A Community Development District (also referred to as a CDD or a District) is a special-purpose unit of local government authorized by Chapter 189 and Chapter 190 of the Florida Statutes, as amended.  A CDD is organized similarly to other local governments in Florida.. The specific scope of the services for the CDD is defined in a creation ordinance from the City of Margate and Broward County, delegating certain public functions to the CDD.  Generally, CDD's construct, manage, and maintain the common infrastructure.  Specifically, the Coral Bay CDD’s infrastructure responsibilities encompass:

  • the stormwater management and secondary drainage systems,

  • all roadway systems and the gates,

  • all sidewalks,

  • the canals and the lake,

  • landscaping, at all common areas,

  • structures at all amenity centers, parks, pools, playgrounds, and open areas.


  1. Who governs the CDD?


The CDD is governed by a five-member elected Board of Supervisors (the Board), much like a City Council, with each Supervisor position designated by a Seat number (1 to 5).  The designated term for each Board seat is four years.   A person is elected to a seat by all qualified, registered voters within the District, with the election occurring as part of the November ballot on even numbered years.  In addition, by law the Board must hire a District Manager and a District Counsel (Attorney for the District). Those  staff members operate in a manner very similar to a City Manager and City Council.


  1. What are the functions of the Board and Staff


The Board sets the policy and makes the decisions, and the District Management staff administers the operations of the District and implements the Board’s policies and contracts. The business of the CDD Board of Supervisors is conducted in the “Sunshine”, which means that meetings and records are open to the public in accordance with Section 286.011, of the Florida Statutes.  Furthermore, the CDD also operates under the ethics provision defined in Chapter 112 and Chapter 190 of the Florida Statues as well as the provisions set forth by the Florida Commission on Ethics.  To support the operations of the District, an Annual Budget is developed.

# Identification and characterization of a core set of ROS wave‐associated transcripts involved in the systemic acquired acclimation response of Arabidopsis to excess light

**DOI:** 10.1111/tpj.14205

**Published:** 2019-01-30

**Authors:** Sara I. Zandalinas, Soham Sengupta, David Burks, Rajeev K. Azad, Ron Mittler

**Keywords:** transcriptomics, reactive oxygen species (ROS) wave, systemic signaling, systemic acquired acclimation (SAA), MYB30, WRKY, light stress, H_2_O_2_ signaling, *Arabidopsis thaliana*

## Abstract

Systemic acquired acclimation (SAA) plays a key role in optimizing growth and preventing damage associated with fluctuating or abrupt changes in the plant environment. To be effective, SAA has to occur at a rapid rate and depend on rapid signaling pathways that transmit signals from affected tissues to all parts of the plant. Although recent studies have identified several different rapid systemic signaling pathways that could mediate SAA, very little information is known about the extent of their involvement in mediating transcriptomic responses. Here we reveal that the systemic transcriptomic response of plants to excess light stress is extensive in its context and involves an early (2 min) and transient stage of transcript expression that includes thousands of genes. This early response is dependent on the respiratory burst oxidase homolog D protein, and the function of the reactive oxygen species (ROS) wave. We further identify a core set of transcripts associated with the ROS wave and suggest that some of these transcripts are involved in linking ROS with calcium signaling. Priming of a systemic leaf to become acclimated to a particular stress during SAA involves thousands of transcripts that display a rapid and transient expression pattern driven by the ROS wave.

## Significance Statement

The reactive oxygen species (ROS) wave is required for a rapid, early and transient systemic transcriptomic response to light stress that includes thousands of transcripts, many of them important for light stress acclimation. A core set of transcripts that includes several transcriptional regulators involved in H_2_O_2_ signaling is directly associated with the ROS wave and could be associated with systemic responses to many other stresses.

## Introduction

1. What does my assessment cover?


To support the operations of the District, an Annual Budget is developed.  That Annual Budget consists of two parts: the Debt Portion and the Operation and Maintenance (O&M) portion:

  • The Debt Portion when applicable is the amount proportionately owed by each homeowner within the District to pay the issued bonds (loan) that pay for the District’s exceptionally large infrastructure projects when this method of funding is advantageous, such a repaving all roadways and building the perimeter wall.

  • The Operations and Maintenance (O&M) portion applies to the general day-to-day administrative fees and costs as well as maintenance and repair of the infrastructure and general administrative functions (attorneys, engineers, board meetings, website maintenance, mailings, landscape maintenance, lake maintenance, insurance, utilities, security services, etc.).  Insurance for the District, Audit expenses, and various annual contracts are detailed in the CDD budget.


  1. How is the assessment collected


The resultant annual assessment is levied on a per home basis and is levied in the form of a non-ad valorem tax that appears on the Broward County tax bill. That CDD assessment is collected by Broward County as part of the overall property tax bill payment and is sent to the CDD once the County receives the payment. Statutory authority for levying these assessments is granted under Florida Statutes Ch. 170.01, 190.021, and 197.3631.


  1. Benefits of the CDD


Because CDD’s are governmental entities, functioning closer to a city government than a Homeowners Association (HOA), CDD’s have some financial advantages: They may use tax-exempt financing, they are eligible under FEMA rules for emergency clean up in most cases, and they have limited liability under sovereign immunity, which significantly reduces insurance costs.


  1. What is the difference between a CDD and my Homeowners Association (HOA)?


It is important to understand the scope of responsibilities of the HOA, and its relationship to the CDD, in order for owners and residents to contact the appropriate people when needed. 


The limits of an HOA’s responsibilities are essentially set by the way the developer (builder) establishes the property ownership, and therefore maintenance responsibility, within the community.  In the case of Coral Bay, the developer placed the ownership and responsibility of all common areas with the CDD, and placed ownership of each parcel of land, and the home on it, with the respective homeowner.  Therefore, none of the HOAs within Coral Bay own any common property. 


As a result, the primary responsibility of each HOA in Coral Bay is to enforce that HOA’s governing documents, and thus maintain a quality living environment that protects the property values of all owners. For more information on the scope of the HOA’s responsibility, please visit the HOA’s page.